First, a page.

Mojave, CA – On September 30, 2016, Masten Space Systems successfully concluded the 13-month design, build, and test period for the first development unit of the Broadsword 25 rocket engine, funded as a technology demonstration under the Defense Advanced Research Projects Agency (DARPA)’s Experimental Spaceplane (XS-1) program. This first phase of the engine development effort included commissioning Masten’s largest mobile engine test stand and firing of the company’s highest-thrust rocket engine to date.
The Broadsword 25 is a liquid oxygen- and liquid methane-propelled rocket engine with a full-throttle sea-level thrust rating of 25,000 lbf. Masten initiated development of the Broadsword in August 2015, as a cost-effective reusable engine suitable for use in both boost and upper-stage applications.
Broadsword employs a novel dual-expander cycle, which allows high efficiency at sea level while maintaining the benign turbomachinery conditions characteristic of traditional expander cycle engines. It is made primarily via additive manufacturing, or “3D printing”—a technology that enables complex design geometries, reduces part count by an order of magnitude, and compresses manufacturing times, all of which enable rapid engine development.
The goal of this initial hot-fire test campaign comprised ignition and startup sequence development. The effort concluded with demonstrating six successful engine starts. Masten has subsequently begun the design and build of a second development unit, incorporating lessons learned during manufacturing and testing, and plans to proceed with main-stage hot-fire testing in the next phase.
Masten aims to continue Broadsword development over the course of 2017 and 2018 in collaboration with NASA under the Tipping Point program, and anticipates moving into flight qualification after the conclusion of that effort.
As part of our partnership with NASA through the Lunar CATALYST (Lunar Cargo Transportation and Landing by Soft Touchdown) program, we have been actively developing a proprietary new bipropellant – MXP-351. This propellant is intended to be flown on our XL-1 lunar lander which is capable of bringing up to 100 kg (221 lb) softly to the lunar surface. MXP-351 represents the next step in Masten’s internal propulsion development program in improving our capabilities closer towards spaceflight.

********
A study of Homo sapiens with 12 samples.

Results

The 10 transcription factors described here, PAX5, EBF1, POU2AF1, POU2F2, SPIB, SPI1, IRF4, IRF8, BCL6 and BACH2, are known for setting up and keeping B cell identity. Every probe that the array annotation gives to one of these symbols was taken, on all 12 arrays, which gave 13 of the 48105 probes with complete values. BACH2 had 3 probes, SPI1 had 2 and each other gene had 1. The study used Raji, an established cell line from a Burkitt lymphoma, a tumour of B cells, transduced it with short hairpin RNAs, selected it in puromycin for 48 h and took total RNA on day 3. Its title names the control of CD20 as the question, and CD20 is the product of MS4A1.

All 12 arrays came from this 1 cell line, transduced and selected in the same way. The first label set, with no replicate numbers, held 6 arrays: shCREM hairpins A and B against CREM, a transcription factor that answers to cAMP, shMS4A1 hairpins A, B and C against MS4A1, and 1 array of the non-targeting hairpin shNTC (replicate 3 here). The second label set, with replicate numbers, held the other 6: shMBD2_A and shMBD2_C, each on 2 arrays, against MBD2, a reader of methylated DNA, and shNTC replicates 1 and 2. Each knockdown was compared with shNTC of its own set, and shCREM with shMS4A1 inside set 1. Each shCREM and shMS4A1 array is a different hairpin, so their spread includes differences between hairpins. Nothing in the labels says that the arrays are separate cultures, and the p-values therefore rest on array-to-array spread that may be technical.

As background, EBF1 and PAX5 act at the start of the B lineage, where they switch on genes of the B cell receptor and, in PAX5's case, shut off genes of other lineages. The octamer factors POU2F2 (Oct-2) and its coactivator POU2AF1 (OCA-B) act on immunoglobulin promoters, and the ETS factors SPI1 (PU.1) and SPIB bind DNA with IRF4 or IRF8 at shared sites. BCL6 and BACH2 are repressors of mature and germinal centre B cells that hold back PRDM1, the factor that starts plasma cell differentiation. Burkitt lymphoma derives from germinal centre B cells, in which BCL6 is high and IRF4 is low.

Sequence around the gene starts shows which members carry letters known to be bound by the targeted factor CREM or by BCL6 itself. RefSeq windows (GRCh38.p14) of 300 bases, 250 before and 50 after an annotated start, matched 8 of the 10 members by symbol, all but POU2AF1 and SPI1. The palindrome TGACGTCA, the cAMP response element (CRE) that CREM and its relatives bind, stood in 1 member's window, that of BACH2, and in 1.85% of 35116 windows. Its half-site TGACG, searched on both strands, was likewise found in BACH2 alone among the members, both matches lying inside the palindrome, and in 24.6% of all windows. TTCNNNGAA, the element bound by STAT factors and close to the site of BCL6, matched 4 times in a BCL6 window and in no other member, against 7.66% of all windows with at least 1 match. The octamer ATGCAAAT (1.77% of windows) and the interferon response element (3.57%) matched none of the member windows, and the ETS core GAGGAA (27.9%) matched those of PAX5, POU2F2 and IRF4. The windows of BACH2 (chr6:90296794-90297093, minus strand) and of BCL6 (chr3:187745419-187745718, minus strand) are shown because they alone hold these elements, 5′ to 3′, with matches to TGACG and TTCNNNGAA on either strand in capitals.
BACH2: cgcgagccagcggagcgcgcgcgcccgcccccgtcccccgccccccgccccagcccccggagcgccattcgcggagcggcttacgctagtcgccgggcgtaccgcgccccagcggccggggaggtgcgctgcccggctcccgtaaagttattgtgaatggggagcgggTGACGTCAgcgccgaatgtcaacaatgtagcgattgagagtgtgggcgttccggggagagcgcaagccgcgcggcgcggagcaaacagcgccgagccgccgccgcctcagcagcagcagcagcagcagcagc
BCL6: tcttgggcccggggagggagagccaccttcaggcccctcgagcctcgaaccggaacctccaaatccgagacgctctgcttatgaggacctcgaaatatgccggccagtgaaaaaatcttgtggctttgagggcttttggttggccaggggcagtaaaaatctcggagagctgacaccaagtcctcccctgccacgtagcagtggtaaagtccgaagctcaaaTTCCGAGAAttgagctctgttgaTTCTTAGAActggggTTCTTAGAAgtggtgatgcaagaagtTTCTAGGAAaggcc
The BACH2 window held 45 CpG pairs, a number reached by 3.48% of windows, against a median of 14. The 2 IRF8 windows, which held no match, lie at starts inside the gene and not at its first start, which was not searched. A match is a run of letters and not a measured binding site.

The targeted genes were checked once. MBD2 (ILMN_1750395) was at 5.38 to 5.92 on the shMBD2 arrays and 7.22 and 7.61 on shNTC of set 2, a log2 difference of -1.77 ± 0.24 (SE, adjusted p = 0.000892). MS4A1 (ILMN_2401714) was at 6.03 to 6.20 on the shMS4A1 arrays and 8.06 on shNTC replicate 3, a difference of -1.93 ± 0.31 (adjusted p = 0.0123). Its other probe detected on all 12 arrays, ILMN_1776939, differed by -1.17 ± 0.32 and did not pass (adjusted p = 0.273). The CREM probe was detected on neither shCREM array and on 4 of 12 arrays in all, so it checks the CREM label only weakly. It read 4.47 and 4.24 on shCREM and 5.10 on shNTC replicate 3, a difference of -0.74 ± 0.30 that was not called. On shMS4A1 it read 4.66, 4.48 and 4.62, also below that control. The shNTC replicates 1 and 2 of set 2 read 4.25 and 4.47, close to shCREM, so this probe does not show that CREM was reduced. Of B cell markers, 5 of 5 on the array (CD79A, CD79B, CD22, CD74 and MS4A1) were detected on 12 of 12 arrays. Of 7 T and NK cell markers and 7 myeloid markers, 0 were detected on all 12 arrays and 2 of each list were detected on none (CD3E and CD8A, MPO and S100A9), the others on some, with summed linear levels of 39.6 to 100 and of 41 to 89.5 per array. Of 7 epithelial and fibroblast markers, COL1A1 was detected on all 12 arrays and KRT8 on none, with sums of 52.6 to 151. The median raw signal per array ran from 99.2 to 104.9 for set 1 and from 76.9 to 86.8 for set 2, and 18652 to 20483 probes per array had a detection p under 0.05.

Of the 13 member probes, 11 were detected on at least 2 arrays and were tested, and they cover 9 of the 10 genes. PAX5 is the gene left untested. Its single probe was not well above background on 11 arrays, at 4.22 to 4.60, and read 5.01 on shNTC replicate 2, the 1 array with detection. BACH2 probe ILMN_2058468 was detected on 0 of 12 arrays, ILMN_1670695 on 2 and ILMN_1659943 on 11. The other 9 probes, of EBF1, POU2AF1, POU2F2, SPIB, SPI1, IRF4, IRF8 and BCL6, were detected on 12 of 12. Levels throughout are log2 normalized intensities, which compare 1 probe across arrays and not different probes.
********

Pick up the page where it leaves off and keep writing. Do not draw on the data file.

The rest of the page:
MXP-351 is a nontoxic, storable and hypergolic bipropellant combination. These storable propellants, as opposed to cryogenic propellants like Liquid Oxygen or Liquid Hydrogen, are stable for long periods of time at room temperature. Hypergolic propellants mean that the fuel and oxidizer will ignite spontaneously as soon as they come into contact with each other. Storable and hypergolic systems eliminate the need for separate igniter systems and typically only need minimal thermal conditioning of the propellants, improving their reliability and performance. Consequently, such systems are favored highly for in-space missions like the XL-1 lunar lander.
Historically, spacecraft have used cocktails of Hydrazines and Nitrogen Tetroxide (NTO) as storable hypergolic propellants. These propellants have very high performance and were used in the Apollo Lunar Module Ascent and Descent engines, as well as part of the Space Shuttle’s Orbital Maneuvering System (OMS). However, they are both extremely toxic, requiring exhaustive procedures for safe procurement, handling, spill control, and disposal. The nontoxic MXP-351, by comparison, is exceptionally easy to handle. They have very low vapor pressures, meaning they don’t evaporate easily and pose inhalation hazards to any workers. Spills are easily rectified by simply diluting with water and rinsing away. These greatly reduced operational constraints have the potential to reduce recurring costs for spaceflight applications.
More importantly, it allows us to safely and thoroughly test out our propulsion systems here in Mojave with the same regularity as we fly our vehicles. In 2016, we successfully fired the first generation of our 225 lb XL-1 main engine, dubbed ‘Machete’. This simple ‘boilerplate’ engine validated our injector design, performance estimates, and applicability of MXP-351 in a rocket test environment. Future tests with MXP-351 will use additively-manufactured technology to test regeneratively-cooled thrust chambers, as well as scaling up the thrust capability up to 1,000 lb for a terrestrial testbed version dubbed (XL-1T) that is currently in manufacture.
NASA CATALYST has been instrumental in aiding our development in the program, giving advice from industry experts who have worked with similar propellants in the past, as well as providing advanced analytical capabilities to characterize engines with these propellants.